Efforts to locate relatives of Andrew Rininsland by the Hudson Reporter have been successful.
Here’s what we reported on January 30: A nearly 100-year-old naturalization certificate belonging to a North Bergen resident turned up in North Carolina.
Hang-Ups Art and Framing is a picture frame shop at Palladium Shopping Center in Greensboro, N.C. Edward Coultress, owner of the shop, had been searching for any living relative of the man whose name is on the certificate.
The document, dated Nov. 9, 1920, will be 100 years old in the fall. Coultress reached out to the Hudson Reporter in hopes of reuniting the certificate with a living relative.
“Fifteen years ago, someone brought in the certificate to be framed,” Coultress said. “I was with another customer at the time, so the person who brought in the certificate left it at the shop and said that they would come back. But they never came back.”
Fast forward to mid-February, 2020. The curious case came to a conclusion when two history buffs put their detective skills to the test, unbeknownst to one another.
Nancy Boldt or Nancy Drew?
On Jan. 30, Weehawken resident Nancy Boldt contacted the Hudson Reporter regarding a lead in the certificate story. Earlier in the day, Boldt had seen the story on the front page of the Hudson Reporter at the Four Star Diner in Union City.
Boldt is a member of the Weehawken Historical Commission and the Hudson County Genealogical and Historical Society.
For more than two decades, Boldt had attempted to return old mementos found in her home to their rightful owners.
“I had incredible luck returning family photos and mementos which I found in the basement of my Weehawken home to the family, including negatives never developed,” she said.
Boldt said her interest in family history, local history, and genealogy stems from a fascination with the past and a desire to preserve what she can, including mementos, old buildings, and memories.
“Many people have helped me unravel my family history, so I’m more than happy to help others,” Boldt told the Hudson Reporter.
Boldt said she recognized the Rininsland name and went to work searching for a relative.
Boldt saw that a Facebook friend, Rebecca Ridgeway King, had a friend from college named Carmela Rininsland, so Boldt emailed Rebecca.
Come to find out …
Meanwhile, the town historian of West New York, Patrick Cullen, had also read our story, which piqued his interest enough to search for relatives in his free time.
On Feb. 1, he reached out to the Hudson Reporter with a new lead. “Based upon your reporting, Daniel, I was able to find Andrew’s grandson, Frederick Rininsland,” he said, noting that obituaries were key to his discovery of Rininsland’s grandson.
But before Frederick Rininsland could be contacted by the Hudson Reporter, Rebecca had made contact with with her friend Carmela.
Carmela and Fred Rininsland
“Turns out she is a relative,” Boldt reported on Feb. 3. Carmela later confirmed that Andrew Rininsland is her great grandfather.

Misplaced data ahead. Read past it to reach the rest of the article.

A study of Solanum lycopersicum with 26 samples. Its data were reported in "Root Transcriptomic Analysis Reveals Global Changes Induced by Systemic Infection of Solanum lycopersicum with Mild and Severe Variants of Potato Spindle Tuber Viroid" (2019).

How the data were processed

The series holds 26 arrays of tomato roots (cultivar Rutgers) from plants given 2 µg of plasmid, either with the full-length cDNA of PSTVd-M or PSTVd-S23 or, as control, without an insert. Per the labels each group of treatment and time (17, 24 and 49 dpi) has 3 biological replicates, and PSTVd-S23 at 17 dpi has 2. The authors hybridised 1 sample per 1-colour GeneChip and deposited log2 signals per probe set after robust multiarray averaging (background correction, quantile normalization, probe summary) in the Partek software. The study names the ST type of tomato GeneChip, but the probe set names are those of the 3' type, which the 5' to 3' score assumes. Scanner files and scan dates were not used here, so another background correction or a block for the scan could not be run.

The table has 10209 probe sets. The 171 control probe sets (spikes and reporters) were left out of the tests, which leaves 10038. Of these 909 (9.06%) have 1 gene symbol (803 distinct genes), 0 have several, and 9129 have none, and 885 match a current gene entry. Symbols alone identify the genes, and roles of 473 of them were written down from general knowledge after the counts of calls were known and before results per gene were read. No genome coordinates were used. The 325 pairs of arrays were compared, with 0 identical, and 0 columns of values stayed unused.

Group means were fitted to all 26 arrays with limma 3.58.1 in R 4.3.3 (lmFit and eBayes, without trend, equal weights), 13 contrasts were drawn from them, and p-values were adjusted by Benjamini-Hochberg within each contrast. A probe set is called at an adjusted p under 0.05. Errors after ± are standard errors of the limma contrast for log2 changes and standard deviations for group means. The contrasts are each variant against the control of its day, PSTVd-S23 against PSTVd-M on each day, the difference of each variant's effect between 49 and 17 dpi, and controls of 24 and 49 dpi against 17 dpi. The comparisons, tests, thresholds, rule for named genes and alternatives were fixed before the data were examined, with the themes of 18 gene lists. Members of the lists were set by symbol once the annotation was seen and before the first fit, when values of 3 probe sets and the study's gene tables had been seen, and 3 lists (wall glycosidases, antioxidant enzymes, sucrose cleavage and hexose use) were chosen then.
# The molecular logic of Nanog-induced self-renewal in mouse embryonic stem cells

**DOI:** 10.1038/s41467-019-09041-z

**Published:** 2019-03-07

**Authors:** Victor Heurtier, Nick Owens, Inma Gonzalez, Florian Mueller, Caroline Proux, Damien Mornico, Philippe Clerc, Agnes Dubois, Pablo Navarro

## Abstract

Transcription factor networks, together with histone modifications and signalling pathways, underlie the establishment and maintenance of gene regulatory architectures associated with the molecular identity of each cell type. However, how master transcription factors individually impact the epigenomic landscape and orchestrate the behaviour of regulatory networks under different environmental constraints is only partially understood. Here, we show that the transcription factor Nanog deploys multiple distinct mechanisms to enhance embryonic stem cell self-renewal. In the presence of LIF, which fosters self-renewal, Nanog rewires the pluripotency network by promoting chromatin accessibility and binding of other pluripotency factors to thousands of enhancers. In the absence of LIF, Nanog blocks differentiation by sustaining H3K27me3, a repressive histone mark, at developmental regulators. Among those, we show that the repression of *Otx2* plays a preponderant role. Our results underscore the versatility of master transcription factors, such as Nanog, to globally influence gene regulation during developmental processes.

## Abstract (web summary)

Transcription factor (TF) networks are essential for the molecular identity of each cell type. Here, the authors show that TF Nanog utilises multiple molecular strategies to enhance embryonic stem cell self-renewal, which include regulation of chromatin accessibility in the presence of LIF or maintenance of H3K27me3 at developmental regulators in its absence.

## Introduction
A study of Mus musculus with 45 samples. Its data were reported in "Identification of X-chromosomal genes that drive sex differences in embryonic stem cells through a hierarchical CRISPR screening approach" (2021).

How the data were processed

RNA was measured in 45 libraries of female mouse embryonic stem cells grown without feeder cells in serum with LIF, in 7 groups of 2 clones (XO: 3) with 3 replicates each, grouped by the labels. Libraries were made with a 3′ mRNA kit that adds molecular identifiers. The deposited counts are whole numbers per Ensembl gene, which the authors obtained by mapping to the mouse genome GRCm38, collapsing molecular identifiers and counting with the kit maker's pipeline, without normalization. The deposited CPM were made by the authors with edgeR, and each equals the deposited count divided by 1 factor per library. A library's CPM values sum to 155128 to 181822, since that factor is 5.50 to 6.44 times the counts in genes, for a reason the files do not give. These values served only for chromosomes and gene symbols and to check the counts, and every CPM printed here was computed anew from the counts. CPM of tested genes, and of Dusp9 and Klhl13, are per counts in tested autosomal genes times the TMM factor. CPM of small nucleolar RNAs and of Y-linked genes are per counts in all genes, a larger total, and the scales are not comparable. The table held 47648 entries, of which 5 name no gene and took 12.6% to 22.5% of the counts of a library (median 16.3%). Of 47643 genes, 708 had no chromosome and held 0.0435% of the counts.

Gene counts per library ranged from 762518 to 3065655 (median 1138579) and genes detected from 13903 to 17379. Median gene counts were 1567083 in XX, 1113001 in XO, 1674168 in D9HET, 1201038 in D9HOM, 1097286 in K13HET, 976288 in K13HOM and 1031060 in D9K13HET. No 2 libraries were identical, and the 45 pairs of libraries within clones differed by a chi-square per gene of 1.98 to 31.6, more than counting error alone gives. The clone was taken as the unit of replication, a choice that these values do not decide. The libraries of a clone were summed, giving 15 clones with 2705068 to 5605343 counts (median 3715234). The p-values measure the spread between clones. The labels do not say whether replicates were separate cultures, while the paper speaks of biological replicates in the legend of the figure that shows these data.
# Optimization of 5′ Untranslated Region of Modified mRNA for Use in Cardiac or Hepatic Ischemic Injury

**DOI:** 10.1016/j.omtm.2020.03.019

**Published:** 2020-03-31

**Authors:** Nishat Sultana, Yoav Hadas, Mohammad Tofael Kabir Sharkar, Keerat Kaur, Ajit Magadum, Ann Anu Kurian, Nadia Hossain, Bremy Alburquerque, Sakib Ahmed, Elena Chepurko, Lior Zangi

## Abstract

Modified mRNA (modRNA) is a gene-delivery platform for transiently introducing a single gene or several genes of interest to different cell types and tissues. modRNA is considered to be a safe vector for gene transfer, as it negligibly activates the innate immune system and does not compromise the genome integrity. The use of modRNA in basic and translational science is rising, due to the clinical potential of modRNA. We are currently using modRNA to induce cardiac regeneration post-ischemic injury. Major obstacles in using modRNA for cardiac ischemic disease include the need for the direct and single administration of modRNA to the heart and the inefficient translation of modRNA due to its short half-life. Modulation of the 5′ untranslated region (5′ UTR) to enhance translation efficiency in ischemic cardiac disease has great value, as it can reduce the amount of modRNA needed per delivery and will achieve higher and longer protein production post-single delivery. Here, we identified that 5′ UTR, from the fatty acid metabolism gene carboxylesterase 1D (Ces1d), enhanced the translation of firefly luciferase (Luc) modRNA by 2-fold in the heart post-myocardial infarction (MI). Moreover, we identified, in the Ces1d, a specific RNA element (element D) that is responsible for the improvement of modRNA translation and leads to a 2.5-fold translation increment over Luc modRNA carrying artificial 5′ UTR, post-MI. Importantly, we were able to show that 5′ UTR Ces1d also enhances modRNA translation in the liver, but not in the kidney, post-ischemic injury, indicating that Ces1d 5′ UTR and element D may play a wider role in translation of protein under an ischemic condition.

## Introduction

At the time of the certification, Rininsland was listed as living with his 39-year old wife Laura. The couple lived at 722 Fisher Ave. in North Bergen.
According to a 1941 Guide Book transcribed by Joel Weintraub, Fisher Avenue was renamed 51st Street. The approximate location of the former Rininsland residence is now a QuickChek.
The couple had two children at the time of Rininsland’s naturalization, a boy and a girl who had the same first names as their parents. Andrew was 12 at the time and Laura was 10.
Andrew Rininsland Jr. had three children, Marion, Elizabeth, and Frederick.
Frederick Rininsland is father to Carmela Rininsland, that friend of a friend identified by Boldt.
Cullen said that Andrew Rininsland was a carpenter and cabinetmaker. Frederick recalled that his grandfather, Andrew, was in fact a carpenter who would visit him and give him sheets of stamps. Frederick has preserved the sheets in a book as a memento.
Initially it was thought that Andrew’s last name may have changed to Rinensland. However, Carmela said that the name must have been misspelled during the census because her family spells the name with an “i” and not an “e.”
How it all happened
A conversation with Fred and Carmela filled in holes in the plot. It was Marion’s son, Timmy, who dropped off the certificate at the frame shop without leaving his name.
According to Frederick Rininsland, Timmy already knew the owner of the frame shop, Ed Coultress. Apparently Timmy might have left the certificate without a name thinking that Coultress would remember him.
Despite the miscommunication, the certificate, which was expertly preserved by Coultress to last for another century, is finally back in the hands of the family.
“Ed did a great job framing it with museum quality,” Frederick Rininsland said.
To confirm their heritage, the Rininslands sent Coultress a picture of Laura Rininsland’s headstone, Andrew’s daughter, and the family grave.
According to Carmela, her great grandfather Andrew is not buried in the family plot because he was divorced from Laura.
Laura, Andrew’s daughter, apparently died at a young age prior to the divorce.
Carmela said that this might be the reason why it might have been hard to locate relatives of her great grandfather, Andrew Rininsland.
“I never thought it would have been my family,” Frederick said, of the the abandoned certificate.
Said Coutlress, after sending Carmela and Fred Rininsland the certificate,“The document is 100 years old this year; its part of the family history, and now it has a place to go,”
For updates on this and other stories, check www.hudsonreporter.com and follow us on Twitter @hudson_reporter. Dan Israel can be reached at firstname.lastname@example.org.